A foreign person that is neither engaged in the conduct of a United States trade or business nor considered a U.S. resident based on the substantial presence test is typically not subject to U.S. tax on capital gains from U.S. sources. However, the Foreign Investment in Real Property Tax Act of 1980 (“FIRPTA”) generally treats a foreign person’s gain or loss from the disposition of a U.S. real property interest as income effectively connected to a U.S. trade or business. Consequently, the gain or loss is subject to taxation in the U.S. at applicable income tax rates. Such treatment is inconsistent with most other U.S. investments by foreign persons.

The recently introduced Real Estate Investment and Jobs Act of 2015 (H.R. 2128), and its companion bill S.915, mark an important development in the bipartisan effort to reform the FIRPTA rules. The bipartisan proponents of the two bills contend that expanding the exemptions to FIRPTA and clarifying the application of certain FIRPTA provisions that apply to REITs and their shareholders will lead to increased foreign investment in U.S. real estate.

H.R. 2128 exempts “qualified foreign pension funds” and entities wholly owned by such funds from FIRPTA taxation, thus equalizing the tax treatment of domestic and foreign pension funds on the disposition of U.S. real property interests. To be “qualified,” a foreign pension fund generally must (i) be subject to government regulation and certain reporting requirements in its jurisdiction, (ii) not have any beneficiary owning a greater than 5 percent interest, and (iii) offer certain tax benefits with respect to either contributions or investment income in its jurisdiction.

With respect to stock exchange-listed U.S. REITs, H.R. 2128 seeks to expand the FIRPTA exemption available to small foreign “portfolio investors.” Under the current law, foreign investors owning 5% or less of a publicly traded REIT are not subject to FIRPTA taxation upon a sale of the REIT’s stock or upon the receipt of a capital gain dividend from the REIT. If enacted, the bill would increase this ownership threshold exception to 10%, bringing the FIRPTA regime in alignment with the definition of a portfolio investor utilized in most U.S. tax treaties.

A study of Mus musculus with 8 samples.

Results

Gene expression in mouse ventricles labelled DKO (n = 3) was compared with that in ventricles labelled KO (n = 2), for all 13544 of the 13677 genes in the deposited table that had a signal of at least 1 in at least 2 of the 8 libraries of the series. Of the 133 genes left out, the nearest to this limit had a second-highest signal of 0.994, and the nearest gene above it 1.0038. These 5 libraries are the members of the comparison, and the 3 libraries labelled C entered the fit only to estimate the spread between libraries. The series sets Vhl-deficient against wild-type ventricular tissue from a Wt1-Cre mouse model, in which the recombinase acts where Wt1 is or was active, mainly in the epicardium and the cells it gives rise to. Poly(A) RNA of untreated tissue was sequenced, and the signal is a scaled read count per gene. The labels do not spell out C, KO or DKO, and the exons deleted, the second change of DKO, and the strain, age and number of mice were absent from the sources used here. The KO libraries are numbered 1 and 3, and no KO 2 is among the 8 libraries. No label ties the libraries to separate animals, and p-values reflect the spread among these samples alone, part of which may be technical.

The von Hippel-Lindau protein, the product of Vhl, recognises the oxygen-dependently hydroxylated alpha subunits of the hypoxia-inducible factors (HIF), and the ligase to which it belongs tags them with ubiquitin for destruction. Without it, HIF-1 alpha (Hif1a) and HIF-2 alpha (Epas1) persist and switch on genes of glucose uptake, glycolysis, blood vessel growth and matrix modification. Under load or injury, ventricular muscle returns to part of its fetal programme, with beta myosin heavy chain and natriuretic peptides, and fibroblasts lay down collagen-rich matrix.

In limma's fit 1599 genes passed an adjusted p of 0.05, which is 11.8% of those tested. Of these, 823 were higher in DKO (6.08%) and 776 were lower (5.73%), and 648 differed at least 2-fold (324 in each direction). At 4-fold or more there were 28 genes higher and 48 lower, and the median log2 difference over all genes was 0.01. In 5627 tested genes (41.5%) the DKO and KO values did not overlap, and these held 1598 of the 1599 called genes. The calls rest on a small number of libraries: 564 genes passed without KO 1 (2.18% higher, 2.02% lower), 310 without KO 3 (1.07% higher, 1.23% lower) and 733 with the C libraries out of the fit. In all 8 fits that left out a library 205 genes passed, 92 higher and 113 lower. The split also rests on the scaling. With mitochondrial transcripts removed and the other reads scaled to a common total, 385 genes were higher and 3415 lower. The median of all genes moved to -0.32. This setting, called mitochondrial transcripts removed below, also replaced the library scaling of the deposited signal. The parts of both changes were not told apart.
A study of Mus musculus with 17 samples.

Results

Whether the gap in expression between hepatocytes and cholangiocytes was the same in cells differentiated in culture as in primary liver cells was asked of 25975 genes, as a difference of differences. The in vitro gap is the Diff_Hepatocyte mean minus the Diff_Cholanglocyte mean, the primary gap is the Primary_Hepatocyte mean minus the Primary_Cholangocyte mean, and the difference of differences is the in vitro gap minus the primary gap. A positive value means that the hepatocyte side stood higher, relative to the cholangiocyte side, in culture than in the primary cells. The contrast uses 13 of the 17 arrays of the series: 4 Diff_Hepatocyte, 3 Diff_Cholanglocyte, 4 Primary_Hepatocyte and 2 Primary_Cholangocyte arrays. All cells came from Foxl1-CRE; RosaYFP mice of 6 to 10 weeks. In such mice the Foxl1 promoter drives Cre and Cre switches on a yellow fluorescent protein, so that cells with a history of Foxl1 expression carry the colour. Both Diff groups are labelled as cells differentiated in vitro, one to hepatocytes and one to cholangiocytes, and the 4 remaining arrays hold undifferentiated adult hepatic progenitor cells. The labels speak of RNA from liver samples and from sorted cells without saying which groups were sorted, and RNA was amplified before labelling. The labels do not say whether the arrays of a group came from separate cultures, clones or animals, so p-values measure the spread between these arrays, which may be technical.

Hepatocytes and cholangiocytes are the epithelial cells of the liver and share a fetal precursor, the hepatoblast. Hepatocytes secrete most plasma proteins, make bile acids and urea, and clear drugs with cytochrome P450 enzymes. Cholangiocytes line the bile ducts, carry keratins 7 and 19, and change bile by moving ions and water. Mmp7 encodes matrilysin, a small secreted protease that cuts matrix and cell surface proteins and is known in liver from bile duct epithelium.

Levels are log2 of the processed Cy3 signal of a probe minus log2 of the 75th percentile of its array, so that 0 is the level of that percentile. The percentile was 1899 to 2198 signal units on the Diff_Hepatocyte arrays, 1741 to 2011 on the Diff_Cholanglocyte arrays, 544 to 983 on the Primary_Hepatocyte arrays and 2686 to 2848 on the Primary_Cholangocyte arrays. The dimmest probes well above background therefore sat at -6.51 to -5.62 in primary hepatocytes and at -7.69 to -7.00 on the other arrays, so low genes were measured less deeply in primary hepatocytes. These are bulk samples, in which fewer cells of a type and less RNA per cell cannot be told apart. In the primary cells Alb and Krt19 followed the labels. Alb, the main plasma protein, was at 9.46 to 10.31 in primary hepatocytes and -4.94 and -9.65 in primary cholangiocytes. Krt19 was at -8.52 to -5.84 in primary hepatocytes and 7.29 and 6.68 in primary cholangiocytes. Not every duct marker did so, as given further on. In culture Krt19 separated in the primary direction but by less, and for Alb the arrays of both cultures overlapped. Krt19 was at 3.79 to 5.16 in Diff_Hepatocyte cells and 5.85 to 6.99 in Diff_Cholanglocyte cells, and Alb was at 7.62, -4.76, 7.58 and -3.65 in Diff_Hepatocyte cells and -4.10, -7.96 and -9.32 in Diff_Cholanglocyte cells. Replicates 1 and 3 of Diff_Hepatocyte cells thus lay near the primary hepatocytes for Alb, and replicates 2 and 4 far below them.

The bill would also clarify the determination of the “domestically controlled” exception to REIT taxation. Under current law, gain resulting from the sale or disposition of stock of a domestically controlled REIT (one with at least 50% percent of the stock held by U.S. persons) is not subject to FIRPTA taxation. However, in many cases publicly traded REITs have been unable to take advantage of this exception due to a lack of information required to determine the domestic or foreign status of their “small” shareholders. The bill provides that stock exchange-listed U.S. REITs may consider all shareholders owning less than 5% of the stock as U.S persons unless the REIT has actual knowledge to the contrary. In addition, stock in a REIT held by an upper-tier entity that is either a publicly traded REIT or a regulated investment company (RIC) will be treated as held by a foreign person unless the upper-tier REIT or RIC itself is domestically controlled. These proposed reforms will provide certainty to both foreign investors and the IRS as to the domestic status of an investment in U.S. REITs and clarification for the administration of U.S. tax law.

In its current state, FIRPTA taxation generates a significant deterrent to foreign investment in U.S. real estate which unintentionally drives potential foreign real estate investment to other U.S. industries or to real estate opportunities abroad. These FIRPTA reforms also represent a substantive, bipartisan effort to attract significant foreign investment capital into U.S. REITs. Such capital will enable REITs to pay off outstanding loans, increase investment in building and infrastructure, and purchase other assets.